August 3, 2013 - Jodelle Greiner
A lot of people read novels to “visit” faraway places or experience exotic lives they can only dream about. Then, there are the books about people and places you know, like William Kent Krueger’s Cork O’Connor series, that feel like coming home.

Although Krueger grew up in Oregon, he saw the light and now lives in Minnesota. His novels are set in Aurora, a real town in the Boundary Waters Canoe Area. In real life, Aurora is in Saint Louis County, but in Krueger’s world, it’s Tamarack County, named after a native tree.

“Iron Lake” introduces Corcoran “Cork” O’Connor, part Irish and part Anishinaabe Indian. That heritage gives Cork access to both the white and Ojibwe worlds, as well as the problems of both. Personally, Cork’s life fell apart after a clash between the two cultures cost him his sheriff’s badge and destroyed his marriage. Now, Cork spends his days flipping burgers and dishing up ice cream for tourists who come to enjoy the lakes and woods of the North Country. The most important part of his life is making sure he spends time with his three children, when he can talk his not-quite-ex-wife, Jo, an attorney, into it.

When an old friend comes to Cork worried sick that her teenage son didn’t come home from his newspaper delivery route and is sure that the boy’s estranged, alcoholic father kidnapped him, Cork goes looking for Paul. A snowstorm has knocked out phone lines, so Cork bucks drifts to Judge Parrant’s house, the last on Paul’s route. He doesn’t find Paul, but he does find the Judge, dead in his study of a shotgun blast.

Even without any official police status, Cork still becomes involved in the investigation. Before the truth comes out, it affects nearly everyone — white and red — and the reverberations change Cork’s life forever, setting up the rest of the series.

Krueger has a keen eye for the subtleties of Minnesota life. Minnesotans are different from almost anyone anywhere else. Whether that’s because of the hard-working stock we come from or battling what nature dishes out, I’m not sure. Probably a combination of both.

Cork is a likable guy in a lot of ways, but he has his flaws. Ambivalent about his marriage’s survival, Cork is not sleeping alone. A former officer of the law, he’s not above breaking it or at least bending the rules. Krueger uses all of these things to make Cork a real person, not a hero figure, and to fire the plotline. Some authors invent new stuff for each book to keep the series going, but Krueger utilizes aspects in book 3, “Purgatory Ridge,” that he set in motion in “Iron Lake.”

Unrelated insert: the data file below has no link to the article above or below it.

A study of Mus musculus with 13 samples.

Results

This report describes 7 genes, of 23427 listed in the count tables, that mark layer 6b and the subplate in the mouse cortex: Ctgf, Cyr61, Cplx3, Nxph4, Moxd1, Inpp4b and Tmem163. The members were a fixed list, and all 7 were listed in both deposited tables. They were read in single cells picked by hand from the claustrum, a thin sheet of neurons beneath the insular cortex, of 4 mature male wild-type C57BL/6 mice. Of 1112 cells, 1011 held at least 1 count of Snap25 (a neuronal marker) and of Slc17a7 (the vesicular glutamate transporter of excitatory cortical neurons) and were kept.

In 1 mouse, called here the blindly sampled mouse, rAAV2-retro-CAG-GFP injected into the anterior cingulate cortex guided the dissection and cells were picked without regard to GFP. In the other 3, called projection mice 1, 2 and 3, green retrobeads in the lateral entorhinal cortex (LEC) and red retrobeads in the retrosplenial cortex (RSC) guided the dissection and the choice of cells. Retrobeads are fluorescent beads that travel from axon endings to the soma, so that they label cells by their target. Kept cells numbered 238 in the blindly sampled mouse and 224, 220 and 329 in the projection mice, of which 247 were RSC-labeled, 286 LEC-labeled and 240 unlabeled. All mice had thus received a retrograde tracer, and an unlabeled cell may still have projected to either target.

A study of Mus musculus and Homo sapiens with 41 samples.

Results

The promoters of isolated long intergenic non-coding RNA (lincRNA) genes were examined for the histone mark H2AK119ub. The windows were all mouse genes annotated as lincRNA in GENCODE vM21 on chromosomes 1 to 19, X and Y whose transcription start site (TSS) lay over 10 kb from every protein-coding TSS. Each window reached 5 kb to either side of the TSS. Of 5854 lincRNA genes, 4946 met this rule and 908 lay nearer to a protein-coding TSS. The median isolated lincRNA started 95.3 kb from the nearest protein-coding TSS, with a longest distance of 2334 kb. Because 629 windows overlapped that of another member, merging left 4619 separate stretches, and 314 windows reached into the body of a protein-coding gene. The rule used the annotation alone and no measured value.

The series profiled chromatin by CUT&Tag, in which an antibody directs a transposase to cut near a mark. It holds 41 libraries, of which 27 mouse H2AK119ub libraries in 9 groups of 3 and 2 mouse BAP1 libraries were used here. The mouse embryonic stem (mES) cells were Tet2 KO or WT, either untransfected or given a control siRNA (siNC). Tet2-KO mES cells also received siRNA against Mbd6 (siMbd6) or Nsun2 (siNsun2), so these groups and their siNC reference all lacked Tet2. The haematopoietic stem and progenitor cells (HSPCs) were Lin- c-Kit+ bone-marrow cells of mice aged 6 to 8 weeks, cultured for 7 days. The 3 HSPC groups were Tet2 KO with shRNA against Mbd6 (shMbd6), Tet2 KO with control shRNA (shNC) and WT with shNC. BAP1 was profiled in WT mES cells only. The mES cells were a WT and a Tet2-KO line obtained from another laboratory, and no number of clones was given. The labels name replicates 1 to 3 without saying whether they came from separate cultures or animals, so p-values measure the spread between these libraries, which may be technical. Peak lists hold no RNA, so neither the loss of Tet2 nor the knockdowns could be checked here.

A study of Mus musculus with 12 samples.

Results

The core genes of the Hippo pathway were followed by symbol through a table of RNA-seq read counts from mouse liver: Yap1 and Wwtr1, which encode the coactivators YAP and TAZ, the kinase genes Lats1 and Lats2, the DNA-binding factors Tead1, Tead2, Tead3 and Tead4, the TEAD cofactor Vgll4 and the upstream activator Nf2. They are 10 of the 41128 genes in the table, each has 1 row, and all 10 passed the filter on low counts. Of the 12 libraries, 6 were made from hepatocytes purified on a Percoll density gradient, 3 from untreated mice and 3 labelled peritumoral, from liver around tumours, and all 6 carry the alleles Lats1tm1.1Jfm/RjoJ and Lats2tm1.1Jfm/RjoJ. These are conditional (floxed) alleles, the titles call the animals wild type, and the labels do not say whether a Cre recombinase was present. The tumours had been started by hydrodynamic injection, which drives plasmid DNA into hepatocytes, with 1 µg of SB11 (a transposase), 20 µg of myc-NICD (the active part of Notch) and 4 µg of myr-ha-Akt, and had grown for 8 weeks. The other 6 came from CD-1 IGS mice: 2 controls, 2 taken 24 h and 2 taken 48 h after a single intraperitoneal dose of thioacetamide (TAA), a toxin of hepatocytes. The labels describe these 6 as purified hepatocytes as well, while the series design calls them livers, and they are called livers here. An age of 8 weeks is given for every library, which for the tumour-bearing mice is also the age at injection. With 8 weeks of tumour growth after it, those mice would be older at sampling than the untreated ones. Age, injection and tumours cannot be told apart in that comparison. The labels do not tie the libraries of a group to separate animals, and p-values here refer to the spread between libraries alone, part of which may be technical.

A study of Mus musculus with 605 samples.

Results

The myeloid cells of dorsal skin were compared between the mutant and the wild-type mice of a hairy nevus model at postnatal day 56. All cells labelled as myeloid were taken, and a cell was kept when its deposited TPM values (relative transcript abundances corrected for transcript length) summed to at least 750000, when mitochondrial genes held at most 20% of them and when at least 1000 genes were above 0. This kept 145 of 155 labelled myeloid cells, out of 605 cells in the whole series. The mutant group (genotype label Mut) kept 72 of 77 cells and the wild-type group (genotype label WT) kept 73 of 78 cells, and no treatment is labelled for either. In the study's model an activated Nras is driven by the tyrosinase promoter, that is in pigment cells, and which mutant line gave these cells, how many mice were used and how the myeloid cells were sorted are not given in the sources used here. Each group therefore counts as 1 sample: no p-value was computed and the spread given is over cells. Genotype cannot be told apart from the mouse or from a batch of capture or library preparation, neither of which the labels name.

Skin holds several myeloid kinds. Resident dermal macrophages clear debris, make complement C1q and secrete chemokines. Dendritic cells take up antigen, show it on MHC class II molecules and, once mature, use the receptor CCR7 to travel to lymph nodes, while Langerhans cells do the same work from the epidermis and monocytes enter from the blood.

Krueger draws his characters well, putting in that deep-rooted touch that makes them Minnesotans. There is Rose, the salt-of-the-earth sister-in-law who has raised Cork and Jo’s kids as if they were her own; Henry Meloux, the wise old Indian that Cork turns to for clarity; and Wally Schanno, who took over as sheriff when Cork was ousted and balances his duties with taking care of his wife, Arletta, who has Alzheimer’s disease. While everyone is well-written, don’t expect to like them all. I have to admit, I certainly never warmed up to Jo, even three books into the series. There are other characters, who while not villains, carry a hard edge. It’s that gray area that gives the people depth and makes them real.

He uses nature almost as if it’s a character unto itself, whether it’s snow, thunderstorms, wildfires, the lakes and streams, or the terrain. Nature can be unyielding, as any Minnesotan knows, and, so too can be the people. In a world where families can live in the same house, let alone the same town, for several generations, people have long memories and change tends to come slowly. Krueger illustrates that very well in the tension between the whites and Indians, the distrust rooted in events a hundred years before any of them were born.

He also adds little tidbits to remind the reader where they are, whether that’s a reference to the Timberwolves or the relationship between a person and his snowmobile. It all sounds familiar, like he could be telling you a story from right next door.

Krueger’s 15th book (and 13th about Cork) is “Tamarack County,” which will be released Aug. 20, so now’s a good time to catch up with Cork O’Connor.